I'd love to be part of the crew of a solar boat setting a new record across the English Channel.



One thing that has been brought home by Covid19 is how much we depend on shipping for our goods. As a result of the coronavirus, timber and fixings are in short supply, and that is because they are imported, rather than made in the UK - and typically come in from Asia. But another major problem with imports is pollution from diesel exhausts from heavy bunker fuel oil, also warming the planet as cargo ships add to greenhouse gases.


That is why zero carbon shipping is now held to be rather important. Interestingly, the speed record for a solar boat across the Atlantic, southbound is only 5.3 knots. I feel sure that a more advanced boat like the proposed Elizabeth Swann could best that record, to advance the science of clean transport.


The present record was set in 2013 by MS Tûranor PlanetSolar, a catamaran conversion that left from Las Palmas, Gran Canaria, Spain, on April 25, 2013, and sailed across the Atlantic Ocean, traveling at a speed of 5.3 knots before the energy autonomous boat reached Marigot, St Martin, in the French West Indies on May 18, 2013.


Switzerland’s MS Tûranor PlanetSolar, is currently the world’s largest solar boat according to Gérard d’Aboville, and Raphaël Domjan, both skippers of the MS Tûranor PlanetSolar. The construction and circumnavigation were mostly sponsored by Immo Ströher. Nice one Mr Ströher.





My first attempt to bend aluminium as part of the build of the Elizabeth Swann water tank test model.



I enjoy working on unusual projects. They teach me a great deal. In this case quite a lot of science. I'm the youngest team member of the Elizabeth Swann project. You could say I'm the cabin boy, because I do a lot of small tasks, and then I get to make a component part. And better still, fix it into place.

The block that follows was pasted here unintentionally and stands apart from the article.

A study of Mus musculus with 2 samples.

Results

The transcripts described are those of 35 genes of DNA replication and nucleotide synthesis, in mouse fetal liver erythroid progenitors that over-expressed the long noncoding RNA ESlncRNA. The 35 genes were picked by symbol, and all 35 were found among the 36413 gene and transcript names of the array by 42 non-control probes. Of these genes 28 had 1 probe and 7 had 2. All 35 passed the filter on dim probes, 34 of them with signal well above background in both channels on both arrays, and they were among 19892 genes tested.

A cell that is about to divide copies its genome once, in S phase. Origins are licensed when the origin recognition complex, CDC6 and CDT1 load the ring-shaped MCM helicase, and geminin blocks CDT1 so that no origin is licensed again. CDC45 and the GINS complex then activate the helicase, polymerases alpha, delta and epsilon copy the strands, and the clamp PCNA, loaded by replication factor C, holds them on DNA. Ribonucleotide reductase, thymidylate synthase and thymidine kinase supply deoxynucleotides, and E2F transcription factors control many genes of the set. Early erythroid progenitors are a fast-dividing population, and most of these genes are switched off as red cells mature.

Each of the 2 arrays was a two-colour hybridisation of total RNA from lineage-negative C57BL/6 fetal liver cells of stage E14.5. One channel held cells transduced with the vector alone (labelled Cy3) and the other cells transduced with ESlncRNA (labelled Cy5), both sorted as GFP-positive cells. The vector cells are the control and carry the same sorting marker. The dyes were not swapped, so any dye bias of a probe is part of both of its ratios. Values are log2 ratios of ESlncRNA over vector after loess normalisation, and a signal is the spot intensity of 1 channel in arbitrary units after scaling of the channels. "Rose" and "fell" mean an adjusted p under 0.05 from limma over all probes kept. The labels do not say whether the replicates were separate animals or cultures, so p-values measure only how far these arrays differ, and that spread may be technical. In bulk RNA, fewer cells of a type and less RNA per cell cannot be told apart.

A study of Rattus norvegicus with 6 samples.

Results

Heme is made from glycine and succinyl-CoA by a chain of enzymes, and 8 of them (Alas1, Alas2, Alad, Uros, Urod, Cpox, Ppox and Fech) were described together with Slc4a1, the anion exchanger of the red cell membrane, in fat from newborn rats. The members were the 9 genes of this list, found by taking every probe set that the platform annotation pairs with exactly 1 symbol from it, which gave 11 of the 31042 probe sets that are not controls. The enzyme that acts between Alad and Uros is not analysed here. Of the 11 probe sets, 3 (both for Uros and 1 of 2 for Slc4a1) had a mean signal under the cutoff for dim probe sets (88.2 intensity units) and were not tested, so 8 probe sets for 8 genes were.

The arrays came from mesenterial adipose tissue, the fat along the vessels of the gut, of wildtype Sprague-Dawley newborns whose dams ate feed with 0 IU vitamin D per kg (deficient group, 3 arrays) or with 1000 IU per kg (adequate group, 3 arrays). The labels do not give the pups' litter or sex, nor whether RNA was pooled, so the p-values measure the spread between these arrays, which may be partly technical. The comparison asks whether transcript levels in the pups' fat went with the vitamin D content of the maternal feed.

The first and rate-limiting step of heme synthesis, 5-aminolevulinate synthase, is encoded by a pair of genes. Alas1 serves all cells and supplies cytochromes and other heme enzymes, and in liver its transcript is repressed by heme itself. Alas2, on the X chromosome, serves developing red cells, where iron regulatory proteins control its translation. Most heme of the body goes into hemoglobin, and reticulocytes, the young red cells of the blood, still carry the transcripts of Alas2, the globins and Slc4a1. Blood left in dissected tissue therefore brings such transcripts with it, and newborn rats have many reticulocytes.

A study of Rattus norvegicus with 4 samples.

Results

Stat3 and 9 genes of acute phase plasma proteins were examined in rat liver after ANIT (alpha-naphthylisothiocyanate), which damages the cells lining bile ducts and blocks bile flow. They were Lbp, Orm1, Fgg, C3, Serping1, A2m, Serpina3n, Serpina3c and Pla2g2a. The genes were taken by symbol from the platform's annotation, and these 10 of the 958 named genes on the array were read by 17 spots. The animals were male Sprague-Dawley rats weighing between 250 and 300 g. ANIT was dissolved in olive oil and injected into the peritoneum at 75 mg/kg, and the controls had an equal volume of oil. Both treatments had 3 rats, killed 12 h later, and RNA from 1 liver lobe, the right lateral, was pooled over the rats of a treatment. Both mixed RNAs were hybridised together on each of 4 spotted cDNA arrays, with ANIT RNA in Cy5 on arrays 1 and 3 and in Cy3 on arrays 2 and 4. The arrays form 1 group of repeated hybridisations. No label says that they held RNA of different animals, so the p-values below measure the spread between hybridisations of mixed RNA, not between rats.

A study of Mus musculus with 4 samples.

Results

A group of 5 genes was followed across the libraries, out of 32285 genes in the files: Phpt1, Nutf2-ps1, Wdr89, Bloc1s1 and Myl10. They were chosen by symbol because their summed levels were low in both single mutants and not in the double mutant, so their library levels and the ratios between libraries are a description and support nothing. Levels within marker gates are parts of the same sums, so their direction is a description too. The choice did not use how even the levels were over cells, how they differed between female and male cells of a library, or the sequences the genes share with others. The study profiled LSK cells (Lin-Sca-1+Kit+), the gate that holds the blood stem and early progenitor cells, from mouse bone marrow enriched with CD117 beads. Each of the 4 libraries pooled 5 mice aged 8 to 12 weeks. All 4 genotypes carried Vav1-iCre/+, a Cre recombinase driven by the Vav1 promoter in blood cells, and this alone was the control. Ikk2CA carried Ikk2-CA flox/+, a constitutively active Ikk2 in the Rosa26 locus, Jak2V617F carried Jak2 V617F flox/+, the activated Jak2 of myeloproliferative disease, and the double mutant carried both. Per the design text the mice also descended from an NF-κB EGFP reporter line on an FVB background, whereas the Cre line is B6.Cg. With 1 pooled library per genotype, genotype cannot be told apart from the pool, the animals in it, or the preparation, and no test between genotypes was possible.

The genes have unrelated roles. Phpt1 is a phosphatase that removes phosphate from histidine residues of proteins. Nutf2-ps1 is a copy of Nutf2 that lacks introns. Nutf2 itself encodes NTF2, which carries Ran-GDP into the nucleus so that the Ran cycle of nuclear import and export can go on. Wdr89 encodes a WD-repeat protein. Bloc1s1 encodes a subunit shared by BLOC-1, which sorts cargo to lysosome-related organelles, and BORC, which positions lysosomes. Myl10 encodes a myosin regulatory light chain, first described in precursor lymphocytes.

One of the first things that was drummed into me in the workshop, was how important a sharp pencil is, and a good quality tape measure, for accurate lofting (full scale marking out of the metals to be cut). In the case of this model, we are working to 1:20th scale. That means the real parts for the real ship are twenty times larger.


Even as a model, the vessel in longer than me. It will be quite a handful moving it, to fix it onto a gimbaled mount (that we have to make specially) to be able to film the hull in the water as it moves at different speeds and in different conditions.


This should be a lot of fun.





The solar boat is a trimaran, a boat having three hulls. This boat has a tubular frame high above the waves to carry solar panels, as moveable wings that are designed to track the sun. You can see the Foundation's water basin in the background.




Me with the Conservative MP for Eastbourne, Caroline Ansell, and Chris Close, the SeaVax project director in January of 2019. Mrs Ansell is doing a lot for the environment in 2020 and Eastbourne generally. She campaigned for better roads to the town during her last term in office.




Me with the former Liberal Democrat MP for Eastbourne, Stephen Lloyd. We are on the stand of another solar powered vessel designed to clean plastic from polluted oceans, called SeaVax. I'm the shorter person. Despite the best efforts of the team who showed this vessel, they could not get the funding they needed to build a larger prototype. What a shame, they could have been cleaning up the oceans and rivers by now, where there is still nothing else like this on the horizon.




I recently found out that the English Channel was crossed in 1909 by Louis Bleriot for the first time in a vehicle heavier that air. Bleriot was inspired by the Wright Brother's flight at Kitty Hawk in 1903, who proved air travel was possible. Charles Lindbergh flew across the Atlantic for the first time in 1927. Another first was Amy Johnson, who flew the engineering equality flag, proving women were just as able as men, as pilots and engineers.


These amazing feats confounded the skeptics, paving the way for cheap holiday flights, that also are a major cause of air pollution. The race is on to clean up air traffic with electrics. Now that is another serious challenge.


We are living in an age where all of a sudden, innovation is again encouraged. It's almost like we have gone back in time to the golden age of aviation adventures.


These days Governments are doing all they can to entice large companies to commit to such research and development with grants like Horizon Europe from January of 2021.